Wednesday, June 27, 2007

Czech Puckishness

One thing I love about the Czechs, at least according to my impressions so far in life, deepened a bit by the last few days in Prague, is their puckishness; especially for people who have been through such a variety of bits of hell in the last generations, they maintain an entertaining sense of humour.
One piece of this was exposed during one of the walking tours I took while there; the guide had personal connections to an artist named David Cerny, and she took us from the statue at the head of Wenceslas Square of Wenceslas on his horse, looking quite the knight, to the version of this statue created by Cerny that hangs in the Lucerna arcade off the square. Here it is:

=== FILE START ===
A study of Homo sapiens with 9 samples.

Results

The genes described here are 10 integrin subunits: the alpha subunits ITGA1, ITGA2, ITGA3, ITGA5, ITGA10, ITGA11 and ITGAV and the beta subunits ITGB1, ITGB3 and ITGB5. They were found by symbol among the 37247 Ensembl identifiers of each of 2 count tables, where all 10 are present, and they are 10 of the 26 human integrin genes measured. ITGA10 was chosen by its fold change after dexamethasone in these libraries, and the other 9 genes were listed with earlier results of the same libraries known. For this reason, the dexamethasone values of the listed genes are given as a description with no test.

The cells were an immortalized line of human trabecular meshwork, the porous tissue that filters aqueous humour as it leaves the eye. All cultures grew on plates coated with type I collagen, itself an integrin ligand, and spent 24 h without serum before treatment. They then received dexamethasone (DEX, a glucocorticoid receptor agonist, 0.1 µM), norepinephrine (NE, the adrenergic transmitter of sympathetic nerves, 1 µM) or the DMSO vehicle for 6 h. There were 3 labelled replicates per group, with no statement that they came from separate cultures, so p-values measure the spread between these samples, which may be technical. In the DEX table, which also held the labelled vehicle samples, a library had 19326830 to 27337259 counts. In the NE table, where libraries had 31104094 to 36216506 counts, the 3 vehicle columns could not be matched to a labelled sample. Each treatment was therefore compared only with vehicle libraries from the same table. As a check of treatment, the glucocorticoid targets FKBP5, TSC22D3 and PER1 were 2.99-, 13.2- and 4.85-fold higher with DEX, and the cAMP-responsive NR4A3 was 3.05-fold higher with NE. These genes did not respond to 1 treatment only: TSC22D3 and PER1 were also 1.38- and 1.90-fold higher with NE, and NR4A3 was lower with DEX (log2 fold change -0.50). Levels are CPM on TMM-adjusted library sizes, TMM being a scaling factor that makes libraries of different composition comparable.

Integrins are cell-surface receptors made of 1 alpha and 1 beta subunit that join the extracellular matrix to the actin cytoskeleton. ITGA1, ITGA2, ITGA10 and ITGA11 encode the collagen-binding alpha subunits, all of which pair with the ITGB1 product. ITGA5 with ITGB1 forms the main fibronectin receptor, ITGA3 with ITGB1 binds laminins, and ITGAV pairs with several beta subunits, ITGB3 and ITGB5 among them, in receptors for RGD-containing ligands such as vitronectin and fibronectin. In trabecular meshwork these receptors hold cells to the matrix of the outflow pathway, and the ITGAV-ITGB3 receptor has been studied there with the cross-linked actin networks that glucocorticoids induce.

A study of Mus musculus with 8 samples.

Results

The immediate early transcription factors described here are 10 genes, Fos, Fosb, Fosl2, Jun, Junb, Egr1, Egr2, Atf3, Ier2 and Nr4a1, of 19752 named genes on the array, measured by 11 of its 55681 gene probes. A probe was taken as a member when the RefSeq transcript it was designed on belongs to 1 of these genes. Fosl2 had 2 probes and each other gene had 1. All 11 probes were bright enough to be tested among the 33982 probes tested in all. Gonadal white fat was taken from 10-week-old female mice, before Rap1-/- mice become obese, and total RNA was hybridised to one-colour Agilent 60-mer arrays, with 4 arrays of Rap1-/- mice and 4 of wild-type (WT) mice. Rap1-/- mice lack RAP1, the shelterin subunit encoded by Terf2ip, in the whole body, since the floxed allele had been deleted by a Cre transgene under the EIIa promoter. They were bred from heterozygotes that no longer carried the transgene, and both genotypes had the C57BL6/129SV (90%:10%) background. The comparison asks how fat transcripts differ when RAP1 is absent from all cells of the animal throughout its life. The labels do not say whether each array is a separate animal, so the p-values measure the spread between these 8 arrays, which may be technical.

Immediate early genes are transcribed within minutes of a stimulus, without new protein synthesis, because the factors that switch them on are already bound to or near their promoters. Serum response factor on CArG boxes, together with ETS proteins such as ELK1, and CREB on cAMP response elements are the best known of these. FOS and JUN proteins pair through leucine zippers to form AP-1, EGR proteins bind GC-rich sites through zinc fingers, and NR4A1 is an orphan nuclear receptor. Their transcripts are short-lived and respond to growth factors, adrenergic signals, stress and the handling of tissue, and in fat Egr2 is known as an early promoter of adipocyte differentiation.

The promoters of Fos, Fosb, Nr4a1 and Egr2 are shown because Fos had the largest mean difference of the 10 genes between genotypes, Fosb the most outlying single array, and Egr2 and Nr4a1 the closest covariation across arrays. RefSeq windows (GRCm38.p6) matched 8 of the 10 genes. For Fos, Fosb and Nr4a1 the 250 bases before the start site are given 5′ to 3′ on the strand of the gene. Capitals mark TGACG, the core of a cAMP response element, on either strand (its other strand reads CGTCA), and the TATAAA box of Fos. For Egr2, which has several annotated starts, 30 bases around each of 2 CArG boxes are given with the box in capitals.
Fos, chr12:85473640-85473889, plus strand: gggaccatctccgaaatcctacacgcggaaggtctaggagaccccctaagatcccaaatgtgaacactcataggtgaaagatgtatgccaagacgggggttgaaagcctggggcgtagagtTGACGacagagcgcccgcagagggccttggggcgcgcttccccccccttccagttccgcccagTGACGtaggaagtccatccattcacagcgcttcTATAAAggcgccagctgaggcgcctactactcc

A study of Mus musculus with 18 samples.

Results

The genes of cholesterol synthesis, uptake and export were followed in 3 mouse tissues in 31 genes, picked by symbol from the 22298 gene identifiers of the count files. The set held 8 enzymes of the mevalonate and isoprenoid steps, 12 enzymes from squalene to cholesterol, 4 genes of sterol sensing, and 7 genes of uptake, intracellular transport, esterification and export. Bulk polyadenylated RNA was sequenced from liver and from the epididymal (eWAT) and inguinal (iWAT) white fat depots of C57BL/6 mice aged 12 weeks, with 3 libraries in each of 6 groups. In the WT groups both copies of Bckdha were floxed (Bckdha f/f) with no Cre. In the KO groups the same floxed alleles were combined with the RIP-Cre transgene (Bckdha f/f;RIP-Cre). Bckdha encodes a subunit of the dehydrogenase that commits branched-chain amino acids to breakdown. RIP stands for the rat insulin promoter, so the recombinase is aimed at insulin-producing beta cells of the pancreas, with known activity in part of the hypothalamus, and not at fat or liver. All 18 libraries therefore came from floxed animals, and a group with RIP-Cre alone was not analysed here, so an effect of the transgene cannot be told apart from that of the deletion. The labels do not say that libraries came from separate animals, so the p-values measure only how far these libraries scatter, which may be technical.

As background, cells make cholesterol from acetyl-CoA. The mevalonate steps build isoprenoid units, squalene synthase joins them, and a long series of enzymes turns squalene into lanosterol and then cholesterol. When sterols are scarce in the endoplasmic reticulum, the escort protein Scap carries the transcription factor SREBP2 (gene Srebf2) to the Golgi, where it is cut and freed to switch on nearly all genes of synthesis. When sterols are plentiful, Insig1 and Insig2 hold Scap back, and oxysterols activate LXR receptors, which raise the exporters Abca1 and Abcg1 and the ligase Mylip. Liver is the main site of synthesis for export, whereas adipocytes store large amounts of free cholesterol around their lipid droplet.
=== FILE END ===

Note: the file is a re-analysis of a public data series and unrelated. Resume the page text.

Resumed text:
Wenceslas looks much as he does out on the square, but his horse is having problems! And Cerny apparently claims this captures some of the sense he has of how Czech society is now going.
I had to work very hard to track down another Cerny sculpture, in the gardens of the German embassy (getting a look at it required some rather curious trip around the back of the embassy site - thanks to the embassy official who told me how to do it). The story here is of the East Germans camping on the embassy grounds in the fall of 1989 looking for exit visas, and Hans-Dietrich Genscher's speech to them on September 30, announcing that they would get the exit visas they wanted. This was a key moment in the events leading to the collapse of the communist tyrannies.
How did Cerny mark this event - well, here is my shot of the sculpture that now stands in the gardens of the embassy.

I find this funny and very touching at the same time. It really does capture much of what was happening. (The car, by the way, is a Trabant.)
For more on David Cerny, and there is a lot more, try this site.

More Czech puckishness in later posts.